Within six months of embarking on a health and safety apprenticeship with construction company Morrisroe, supported by training provider RHG, Essex-based Ryan Crane is already making his mark. Working with a colleague at construction firm Mace, the 22-year-old recently ran a wellbeing campaign to encourage all site personnel to track their daily step counts.
Part of the RHG delivery plan for the SHE apprenticeship programme is for apprentices to create and deliver a health and wellbeing campaign mapped to the Occupational Health and Hygiene learning outcome. 'Ryan not only delivered an amazing campaign but also combined it with raising money for charity; this was one of the most inspired campaigns our learning coaches had seen,' explains Sarah Douglas, head of operations at RHG. 'We felt it deserved to be shared with other OSH practitioners to showcase how talented our apprentices are.'
Ryan tells us more.
How did the initiative come about?
As a mental health first aider, wellbeing is an important part of my role. Using an annual calendar of planned works, along with monthly global events, we devise monthly safety stand downs.
In May I took the initiative to use one of the topics in the monthly stand down calendar to organise a wellbeing campaign. I wanted to raise awareness of the importance of exercise and living a healthy lifestyle. I also ran the campaign as part of my apprenticeship (Level 3 Safety, Health and Environmental technician) portfolio work. It gave us all the chance to focus on something other than COVID-19.
Tell us more about the campaign.
It was called ‘Walk this May’ and its aim was to create healthy competition by walking more while raising money for charity. To encourage more people to get involved, I engaged with Mace and invited them to take part. They really liked the idea of using the stand down to promote the wellbeing campaign and asked to run the event alongside Morrisroe. To make it a success I needed funding, which both companies were happy to provide.
What did it involve?
Initially, I considered buying fitness trackers for participants but limitations due to COVID meant that wasn't possible. So I decided to incentivise participants by spending the budget on prizes.
Each day the operatives tracked their steps and sent me screenshots. At the end of each week, whoever walked the furthest received a £50 Amazon voucher. The challenge ran for three weeks.
At UCLE Marshgate, Mace’s Joe Haffenden and Morrisroe’s Ryan Crane have rolled out a wellbeing campaign, encouraging all site personnel to track their daily step counts. We are proud of all our employees who make a positive difference to the communities and teams they work in. pic.twitter.com/zl26h50uOS— Mace (@MaceGroup) June 2, 2020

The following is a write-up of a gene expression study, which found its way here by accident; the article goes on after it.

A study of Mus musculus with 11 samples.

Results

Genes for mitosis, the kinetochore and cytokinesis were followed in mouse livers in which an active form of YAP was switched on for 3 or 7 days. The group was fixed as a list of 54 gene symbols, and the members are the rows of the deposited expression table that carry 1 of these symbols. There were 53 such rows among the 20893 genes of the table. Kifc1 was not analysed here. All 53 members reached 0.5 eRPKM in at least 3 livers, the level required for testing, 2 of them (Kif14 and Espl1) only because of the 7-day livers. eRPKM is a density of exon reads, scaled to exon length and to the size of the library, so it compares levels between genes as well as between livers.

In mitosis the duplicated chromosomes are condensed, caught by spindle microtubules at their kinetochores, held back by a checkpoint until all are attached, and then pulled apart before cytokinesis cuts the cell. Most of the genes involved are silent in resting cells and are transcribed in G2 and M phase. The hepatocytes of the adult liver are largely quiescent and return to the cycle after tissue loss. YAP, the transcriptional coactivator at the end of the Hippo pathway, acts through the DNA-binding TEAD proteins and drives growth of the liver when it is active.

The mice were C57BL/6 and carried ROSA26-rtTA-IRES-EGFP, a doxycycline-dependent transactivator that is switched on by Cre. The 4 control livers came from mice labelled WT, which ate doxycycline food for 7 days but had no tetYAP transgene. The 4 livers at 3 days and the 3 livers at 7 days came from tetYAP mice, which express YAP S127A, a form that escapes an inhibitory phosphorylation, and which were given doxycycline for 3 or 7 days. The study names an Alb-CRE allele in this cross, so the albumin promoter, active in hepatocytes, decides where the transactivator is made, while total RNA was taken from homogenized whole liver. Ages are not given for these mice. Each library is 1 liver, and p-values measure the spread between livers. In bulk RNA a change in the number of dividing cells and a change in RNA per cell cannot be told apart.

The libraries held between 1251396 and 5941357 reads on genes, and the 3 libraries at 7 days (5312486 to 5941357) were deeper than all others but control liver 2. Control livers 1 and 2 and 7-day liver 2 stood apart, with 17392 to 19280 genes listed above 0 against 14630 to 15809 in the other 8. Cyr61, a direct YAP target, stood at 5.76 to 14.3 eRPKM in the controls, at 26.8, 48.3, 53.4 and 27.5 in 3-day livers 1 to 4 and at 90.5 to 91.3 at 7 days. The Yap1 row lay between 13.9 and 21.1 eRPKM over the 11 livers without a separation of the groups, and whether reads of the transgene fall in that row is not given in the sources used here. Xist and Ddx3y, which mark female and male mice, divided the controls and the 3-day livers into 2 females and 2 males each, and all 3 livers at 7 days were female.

Fifty operatives took part, which is roughly a quarter of the site. The most steps walked in a week was 154,993 and the most steps walked in a day was 33,650.
At the end of the campaign we held a raffle to raise money for the British Heart Foundation, our chosen charity. We raised £660 which will be put to good use in these difficult times.
How did you make it a success?
To effectively keep track of all operatives’ steps I created a table in Excel and input formulas to calculate the daily and total steps for each operative. Doing this enabled me to make sure that the results were fair.
To advertise the event I liaised with a Mace employee who was able to get in contact with their social media team and post it on Mace’s social platforms.
The stand down benefited the workforce by getting them walking more and realising the effect of exercising and having a healthy lifestyle. It gave me the opportunity to provide educational material and information in a friendly and interactive way, which will hopefully create positive lifestyle habits.
It was a great success and the operatives enjoyed the challenge and the raffle. They gained a greater understanding of the importance of a healthy lifestyle and I'm really pleased with how it turned out.
I also received a letter from the British Heart Foundation, thanking me for my efforts, as well as a certificate for donating the money raised. I'm incredibly proud to be able to show these on site as recognition of the campaign.
How are you finding the apprenticeship?
I'm really enjoying it. I aim to pass by April 2021 and become a safety advisor for Morrisroe. The next step will be to gain my NEBOSH diploma and eventually become a safety manager.
RHG has been extremely supportive throughout my apprenticeship. Sarah's and Barry's commitment and unwavering support has enabled me to grow as an apprentice and absorb much needed health and safety knowledge in a very short period of time.
As far as stand downs go, I am planning more fun and engaging campaigns. I aim to keep improving the level of stand downs and raise more money for fantastic charities along the way. I have plenty more ideas in the pipeline and I hope to carry some out in the near future.
'Ryan has become an invaluable member of the site team, as well as the safety team, by being able to juggle day to day health and safety duties with the benefit of being digitally skilled and innovative,' adds Ligia Ionescu, Ryan’s apprenticeship manager. 'His development is outstanding and throughout his apprenticeship he has increased his base knowledge and experience in health and safety, as well as his confidence.
'He has already made such a big impact on the project on which he is working, bearing in mind he is only halfway through his apprenticeship. Ryan quickly learnt and enforced the Morrisroe safe working practices, building relationships with those around him and earning the trust and respect of those more experienced than him to work collaboratively on improving our operations,' Ligia says.